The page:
Geoengineering report: Scientists urge more research on climate intervention
Deep cuts in greenhouse gas emissions, while necessary, may not happen soon enough to stave off climate catastrophe. So, in addition, the world may need to resort to so-called geoengineering approaches that aim to deliberately control the planet's climate.
That's according to a National Research Council committee that today released a pair of sweeping reports on climate intervention techniques.
The University of Michigan's Joyce Penner, who is the Ralph J. Cicerone Distinguished University Professor of Atmospheric Science, served on the committee. Penner studies how clouds affect climate.
The reports consider the two main ways humans could attempt to steer the Earth's system: We could try to take carbon dioxide out of the atmosphere. Or we could try to reflect more sunlight back into space. The committee examined the socioeconomic and environmental impacts as well as the costs and technological readiness of approaches in each category.
The researchers said that certain CO2-removal tactics could have a place in a broader climate change response plan. But the sunlight reflecting technologies, on the other hand, are too risky at this point. They underscored how important it is for humans to limit the levels of CO2 they put into the atmosphere in the first place, and they called for more research into all climate intervention approaches.
"I, for one, am concerned with the continuing rise in CO2 concentrations without clear efforts to reduce emissions," Penner said. "The widespread impacts from these increases are readily apparent, and the cost of climate change impacts is likely to be high.
"We may need to employ some of these climate interventions techniques to avoid a catastrophe such as the loss of the Antarctic ice sheets, or even to remain below levels of climate change that are considered dangerous in the political arena."
Techniques to remove CO2 include restoring forests and adopting low-till farming -- both of which trap carbon in plants and soils. Oceans could be seeded with iron to promote growth of CO2-consuming organisms. And carbon could be be sucked directly out of the air and injected underground.
Methods to reflect sunlight include pumping sulfuric compounds into the stratosphere to, in essence, simulate a volcanic eruption; and spraying sea water mist or other finer-than-usual particles over the ocean. Smaller particles lead to brighter clouds, Penner said.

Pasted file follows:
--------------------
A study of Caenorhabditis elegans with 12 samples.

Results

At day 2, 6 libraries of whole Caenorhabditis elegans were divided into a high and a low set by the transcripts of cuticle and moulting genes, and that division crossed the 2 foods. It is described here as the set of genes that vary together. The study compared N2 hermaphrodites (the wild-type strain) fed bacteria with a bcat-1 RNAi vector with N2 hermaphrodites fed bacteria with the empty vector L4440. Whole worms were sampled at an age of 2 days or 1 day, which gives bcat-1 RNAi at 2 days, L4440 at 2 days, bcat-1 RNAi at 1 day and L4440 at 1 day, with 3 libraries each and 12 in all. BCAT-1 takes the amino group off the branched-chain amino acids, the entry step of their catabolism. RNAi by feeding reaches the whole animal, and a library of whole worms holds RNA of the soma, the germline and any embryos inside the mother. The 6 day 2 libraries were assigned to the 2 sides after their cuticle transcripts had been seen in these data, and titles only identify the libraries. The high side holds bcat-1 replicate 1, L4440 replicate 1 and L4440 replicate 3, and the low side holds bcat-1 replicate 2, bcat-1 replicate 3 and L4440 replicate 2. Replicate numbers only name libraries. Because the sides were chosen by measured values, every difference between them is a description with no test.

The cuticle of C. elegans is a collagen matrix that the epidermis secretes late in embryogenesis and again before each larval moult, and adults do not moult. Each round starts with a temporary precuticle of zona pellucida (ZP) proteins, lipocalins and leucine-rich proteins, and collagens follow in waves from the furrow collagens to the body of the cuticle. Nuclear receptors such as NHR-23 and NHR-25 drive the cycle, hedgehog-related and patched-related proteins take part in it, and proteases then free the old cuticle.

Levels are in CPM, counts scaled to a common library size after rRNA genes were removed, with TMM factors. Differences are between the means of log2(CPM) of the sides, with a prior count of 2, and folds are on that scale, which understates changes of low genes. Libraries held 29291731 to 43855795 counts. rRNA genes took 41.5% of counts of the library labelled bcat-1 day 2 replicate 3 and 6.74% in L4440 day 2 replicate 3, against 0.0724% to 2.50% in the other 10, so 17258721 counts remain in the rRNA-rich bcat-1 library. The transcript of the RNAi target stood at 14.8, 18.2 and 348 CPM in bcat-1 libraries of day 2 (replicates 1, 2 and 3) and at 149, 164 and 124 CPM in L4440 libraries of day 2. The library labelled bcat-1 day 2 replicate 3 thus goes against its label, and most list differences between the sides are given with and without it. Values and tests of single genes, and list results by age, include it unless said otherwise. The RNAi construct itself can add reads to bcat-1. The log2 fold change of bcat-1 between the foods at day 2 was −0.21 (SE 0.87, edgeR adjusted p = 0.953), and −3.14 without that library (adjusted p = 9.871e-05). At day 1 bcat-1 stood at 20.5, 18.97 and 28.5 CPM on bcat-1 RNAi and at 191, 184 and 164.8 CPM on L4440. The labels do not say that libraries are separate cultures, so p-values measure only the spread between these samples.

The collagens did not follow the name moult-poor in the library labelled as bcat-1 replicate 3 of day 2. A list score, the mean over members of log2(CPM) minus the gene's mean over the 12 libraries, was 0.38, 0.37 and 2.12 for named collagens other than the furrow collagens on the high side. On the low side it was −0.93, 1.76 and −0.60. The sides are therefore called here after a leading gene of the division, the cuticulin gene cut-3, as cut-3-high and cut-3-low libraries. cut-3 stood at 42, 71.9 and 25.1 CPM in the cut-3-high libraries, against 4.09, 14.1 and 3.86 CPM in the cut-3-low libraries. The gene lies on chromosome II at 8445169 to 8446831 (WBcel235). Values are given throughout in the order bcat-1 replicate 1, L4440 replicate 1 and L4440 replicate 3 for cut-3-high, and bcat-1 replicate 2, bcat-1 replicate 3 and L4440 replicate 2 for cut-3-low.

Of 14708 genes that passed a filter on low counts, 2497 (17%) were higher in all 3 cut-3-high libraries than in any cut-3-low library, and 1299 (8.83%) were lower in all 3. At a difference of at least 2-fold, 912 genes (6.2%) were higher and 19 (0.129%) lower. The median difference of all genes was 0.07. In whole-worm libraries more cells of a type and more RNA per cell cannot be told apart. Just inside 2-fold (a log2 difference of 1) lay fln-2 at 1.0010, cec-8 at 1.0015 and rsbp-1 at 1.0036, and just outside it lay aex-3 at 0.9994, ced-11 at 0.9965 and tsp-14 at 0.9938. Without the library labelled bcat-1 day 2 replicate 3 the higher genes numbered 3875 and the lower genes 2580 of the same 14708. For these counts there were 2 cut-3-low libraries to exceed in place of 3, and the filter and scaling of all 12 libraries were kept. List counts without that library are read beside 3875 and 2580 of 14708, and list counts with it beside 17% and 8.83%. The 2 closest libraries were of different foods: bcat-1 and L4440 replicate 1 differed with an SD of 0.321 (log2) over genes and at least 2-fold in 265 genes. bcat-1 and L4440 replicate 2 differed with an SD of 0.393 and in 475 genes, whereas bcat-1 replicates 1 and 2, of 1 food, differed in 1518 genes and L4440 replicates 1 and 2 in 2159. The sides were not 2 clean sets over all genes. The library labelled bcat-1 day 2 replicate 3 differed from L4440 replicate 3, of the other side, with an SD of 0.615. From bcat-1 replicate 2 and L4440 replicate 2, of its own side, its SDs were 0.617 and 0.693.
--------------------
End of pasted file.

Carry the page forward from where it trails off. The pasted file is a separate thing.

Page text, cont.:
While the committee said that some of the CO2 removal strategies including "carbon capture and sequestration" have potential to be part of a viable plan to curb climate change, it noted that only prototype sequestration systems exist today. Much development would have to occur before it could be ready for broad use.
The scientists caution against dumping iron in the oceans, as the technical and environmental risks currently outweigh the benefits. Similarly, they warned against sunlight-reflecting approaches, also known as "albedo modification."
These efforts might be able to reduce the Earth's temperature in just a few years, and they're relatively cheap when compared to transitioning to a carbon-free economy. But they'd have to be kept up indefinitely and could have numerous negative secondary effects on ozone, weather and human health.
Even in its opposition to sunlight reflecting tactics, the committee still recommended more research into them, as it urged more study of all climate intervention possibilities. Penner was struck by this call to action.
"U.S. agencies may have been reluctant to fund this area because of the sense of what we call 'moral hazard' -- that if you start down the road of doing this research you may end up relying on this or condoning this as a way of saving the planet from the cost of decreasing CO2 emissions," Penner said. "But we've stated that decreasing emissions must go hand in hand with any climate intervention efforts."
Penner says the recommendation is a sign of the climate problem's urgency.
"We need to develop the knowledge base to allow informed decisions before these dangerous effects are upon us," she said.
The study was sponsored by the National Academy of Sciences, U.S. intelligence community, National Aeronautics and Space Administration, National Oceanic and Atmospheric Administration, and U.S. Department of Energy. The National Academy of Sciences is a private, independent nonprofit institution that provides science, technology and health policy advice under a congressional charter granted to NAS in 1863. The National Research Council is the principal operating arm of the National Academy of Sciences and the National Academy of Engineering.
The above story is based on materials provided by University of Michigan. Note: Materials may be edited for content and length.